How to install a Sinkby Lorenz Prem
One of the joys of doing things yourself is testing your limits. With every project completed your skills grow. What used to be out of reach becomes possible. Installing a kitchen sink is one of these milestones. It does not require plumbing skills, but seems daunting enough most people never try. Let's take a look at what's involved.
Installing the hot and cold water valves
The project begins at the plumbing stubs below the sink location. There will be hot and cold water lines and a sewer connection. The hot and cold water lines are either capped (as they are in the picture), or have valves installed. If the lines are capped, the valves need to be added.
Plumbing valves are sold at the home center in dizzying variety. If you look closely, you'll notice that only a few properties change between one valve and the next. Let's examine them one by one:
- Compression fitting vs. pipe thread: What's at the end of the water pipes determines what type of valve you need. If the pipe is capped or just ends, you'll need a compression valve. This type can be installed directly on a pipe without any plumbing threads. If your pipes end in either male or female pipe threads, the valve has to have the matching threads. Buy either a female or male NTP (national pipe thread, the standard for threads on water pipes) valve.
- Straight vs. angle: The path the water tales in the valve is either straight (in a straight through valve) or a 90 angle (in a corner valve). The 90 degree bend saves space below sink. The water lines connect to the top of the valve instead of the front. In most cases 90 degree valves are the way to go. The valves used in the pictures are 90 degree valves.
- Quarter turn vs. full turn: Valves vary by how far the handle must be turned to turn the flow of water completely off. The most common variety are 1/4 valves and full turn valves. The choice between the two comes down to personal preference.
- Inlet and outlet diameter: the inlet diameter of valve needs to match the pipe in your home. The outlet diameter should match the inlet diameter of the faucet at your sink. That way you can use flex hose with the same size fittings on both ends to connect the valve to the faucet in the next step.
My go- to valve is a 90 degree full turn valve with a 1/2" inlet (pipe diameter in most homes) and a 1/4" outlet (the inlet diameter of most faucets). Measure your pipe and faucet inlet diameter carefully. Otherwise you might need another trip to the store.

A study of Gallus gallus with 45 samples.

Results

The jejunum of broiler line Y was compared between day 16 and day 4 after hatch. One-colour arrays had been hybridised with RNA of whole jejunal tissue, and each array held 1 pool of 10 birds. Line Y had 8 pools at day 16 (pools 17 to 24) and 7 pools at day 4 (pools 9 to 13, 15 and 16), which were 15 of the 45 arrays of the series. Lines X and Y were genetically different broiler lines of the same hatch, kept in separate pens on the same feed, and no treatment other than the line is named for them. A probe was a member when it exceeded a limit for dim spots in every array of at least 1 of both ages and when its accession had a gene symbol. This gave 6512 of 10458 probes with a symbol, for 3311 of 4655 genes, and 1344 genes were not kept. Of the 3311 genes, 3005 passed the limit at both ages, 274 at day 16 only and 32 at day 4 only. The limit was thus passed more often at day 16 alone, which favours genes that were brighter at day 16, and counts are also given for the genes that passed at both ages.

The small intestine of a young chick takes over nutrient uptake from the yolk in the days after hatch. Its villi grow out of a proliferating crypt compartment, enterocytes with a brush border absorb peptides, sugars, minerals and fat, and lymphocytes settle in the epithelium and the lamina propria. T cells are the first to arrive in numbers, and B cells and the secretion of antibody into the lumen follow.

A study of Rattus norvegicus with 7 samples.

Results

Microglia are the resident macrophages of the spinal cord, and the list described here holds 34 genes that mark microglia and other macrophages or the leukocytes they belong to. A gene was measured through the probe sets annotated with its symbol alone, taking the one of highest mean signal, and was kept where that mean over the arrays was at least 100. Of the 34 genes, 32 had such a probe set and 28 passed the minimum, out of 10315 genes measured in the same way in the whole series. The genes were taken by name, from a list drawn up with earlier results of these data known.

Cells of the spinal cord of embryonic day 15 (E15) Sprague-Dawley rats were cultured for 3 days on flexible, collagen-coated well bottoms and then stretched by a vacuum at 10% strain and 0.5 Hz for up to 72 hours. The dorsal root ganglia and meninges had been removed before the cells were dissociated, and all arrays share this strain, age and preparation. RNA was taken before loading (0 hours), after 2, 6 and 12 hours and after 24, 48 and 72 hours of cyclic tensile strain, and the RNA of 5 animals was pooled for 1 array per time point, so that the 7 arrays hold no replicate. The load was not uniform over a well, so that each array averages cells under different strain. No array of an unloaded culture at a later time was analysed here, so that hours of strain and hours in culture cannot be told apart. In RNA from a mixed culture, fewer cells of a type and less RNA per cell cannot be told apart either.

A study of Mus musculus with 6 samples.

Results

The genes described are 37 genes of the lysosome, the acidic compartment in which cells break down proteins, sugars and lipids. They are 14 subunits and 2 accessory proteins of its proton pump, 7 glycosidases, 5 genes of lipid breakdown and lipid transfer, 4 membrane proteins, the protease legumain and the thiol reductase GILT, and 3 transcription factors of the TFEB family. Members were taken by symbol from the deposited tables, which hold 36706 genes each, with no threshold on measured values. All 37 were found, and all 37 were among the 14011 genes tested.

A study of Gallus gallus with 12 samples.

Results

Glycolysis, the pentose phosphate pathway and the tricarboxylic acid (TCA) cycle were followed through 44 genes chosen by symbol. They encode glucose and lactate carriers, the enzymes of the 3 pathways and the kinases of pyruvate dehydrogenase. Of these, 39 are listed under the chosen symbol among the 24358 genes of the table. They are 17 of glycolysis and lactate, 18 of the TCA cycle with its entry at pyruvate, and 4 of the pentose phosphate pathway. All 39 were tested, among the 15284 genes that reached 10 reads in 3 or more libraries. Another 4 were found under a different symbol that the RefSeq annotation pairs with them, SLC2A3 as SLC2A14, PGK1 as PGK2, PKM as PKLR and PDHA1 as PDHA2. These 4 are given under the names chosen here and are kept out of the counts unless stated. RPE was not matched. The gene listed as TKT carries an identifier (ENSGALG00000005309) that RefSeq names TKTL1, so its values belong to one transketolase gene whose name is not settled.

Installation of all valve types begins with cleaning the pipe. As a rule a tight joint is only possible on a clean surface. Compression fittings are installed by placing the compression ring on the pipe and securing the valve around it using a pair of pliers. Valves with pipe threads are screwed into place. Apply Teflon tape to the male part of the joint and screw the valve into place with two wrenches. One wrench to hold the pipe in place, the other to spin the valve.
Installing the hot and cold water lines
Once the valves are in place, it is time to install the water lines. For both hot and cold a flex hose must be connected to the valve stem and the faucet's corresponding inlet. Flex hoses come in different diameter. Most will have female threads at both ends. If you have matched the valve diameter to the faucet's inlet diameter, picking the right part is just the matter of finding a hose of the correct length and the correct diameter. If the there is a mismatch, you will need to find the correct adapter to make the connection.
Steel hoses are more durable than plastic hoses and the preferred choice. Installation is very similar to valve installation. Place Teflon tape on the male ends, which are on the valve stem and the faucet inlet. Connect the hose and tighten the connection with two wrenches. Take care not to spin the valve or twist the flex hose. Too much torque on the valve or a twisted flex hose can cause leaks down the road.
At this point your hot and cold water connects are functional. Now that we can fill the sink with water, we must connect the drain.
Installing the drain pipes
Drain pipes are the fun part of this project. Under sink drain joints are made with compression fitting. These fittings can be secured and loosened at will. This makes it easy to assemble the system by trial and error.
There are three parts to the drain pipes: a vertical stem that connects to the underside of the sink, the p-trap for trapping solids, and a return that connects the p-trap to the sewer connection in the wall. The sewer connection in the wall will most likely be a compression fitting as well, which makes installation easy. If a pipe thread is used or the diameter does not match the diameter of the sink, purchase an adapter or reducer.
Residential drain pipes come in two diameters: 1 1/4" and 1 1/2". Bathrooms often use the smaller drain pipes, kitchen sinks the larger pipes. Measure before you purchase any parts.
Install the parts by tightening the compression nut on each piece. Teflon tape is not needed, but it will plug leaks should the compression joint need help. Some pipes must be cut to length to match your location. A hacksaw is ideal for this job. Adapters and reducer often need to be glued into place with PVC glue. The glue is sold in the plumbing department along with the pipes and fittings. Read the label on the glue bottle at the store and make sure you understand how to apply the glue. In some cases you will need to use a separate activator along with glue.
Installing a sink takes little more than tightening a few fittings. You will spend the most time in your car on your way to the home center and back. This is one of the jobs where bad planning can cause may trips back to the home center. But it's also a job that creates a lot of satisfaction.